Postnatal Depression

Department of Health and Social Care written question – answered on 12th February 2019.


To ask the Secretary of State for Health and Social Care, what support is provided to women who suffer from postnatal depression.

Photo of Jackie Doyle-Price Jackie Doyle-Price The Parliamentary Under-Secretary for Health and Social Care

The Government is committed to improving both the detection and treatment of perinatal mental illness. In May 2018, NHS England confirmed that new mothers will be able to access specialist perinatal mental health community services in every part of the country by April 2019. In 2010, more than 40% of localities provided no service at all. In early December 2018, NHS England estimated that these services treated 9,000 women in 2018.

We are investing £365 million from 2015/16 to 2020/21 in perinatal mental health services to ensure that by 2020/21 at least 30,000 more women each year are able to access evidence-based specialist mental health care during the perinatal period. This investment is designed to improve access to specialist perinatal mental health services across England, resulting in better outcomes for women and their families.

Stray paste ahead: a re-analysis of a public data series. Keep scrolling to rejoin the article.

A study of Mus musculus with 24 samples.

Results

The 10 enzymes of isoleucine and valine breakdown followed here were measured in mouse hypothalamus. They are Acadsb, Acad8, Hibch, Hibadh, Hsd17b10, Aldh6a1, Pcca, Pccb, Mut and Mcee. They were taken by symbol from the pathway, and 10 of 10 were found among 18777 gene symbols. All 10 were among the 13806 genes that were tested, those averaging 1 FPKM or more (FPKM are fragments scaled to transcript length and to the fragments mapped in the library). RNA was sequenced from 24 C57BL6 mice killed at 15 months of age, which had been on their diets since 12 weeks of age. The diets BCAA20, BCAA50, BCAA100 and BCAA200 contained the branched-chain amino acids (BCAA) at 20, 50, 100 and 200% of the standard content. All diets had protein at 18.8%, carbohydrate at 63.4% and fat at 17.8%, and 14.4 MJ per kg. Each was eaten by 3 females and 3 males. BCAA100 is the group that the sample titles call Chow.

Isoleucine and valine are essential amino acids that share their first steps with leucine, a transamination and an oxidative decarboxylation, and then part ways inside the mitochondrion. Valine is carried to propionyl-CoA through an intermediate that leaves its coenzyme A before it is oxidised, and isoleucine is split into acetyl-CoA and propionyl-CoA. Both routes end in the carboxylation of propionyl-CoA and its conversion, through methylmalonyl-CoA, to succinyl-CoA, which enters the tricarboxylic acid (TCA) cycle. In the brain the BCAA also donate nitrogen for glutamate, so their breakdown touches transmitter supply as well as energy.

In addition, the NHS Long Term Plan, published in January 2019, includes a commitment for a further 24,000 women to be able to access specialist perinatal mental health care by 2023/24, building on the additional 30,000 women who will access these services each year by 2020/21 under pre-existing plans. Specialist care will also be available from preconception to 24 months after birth, which will provide an extra year of support.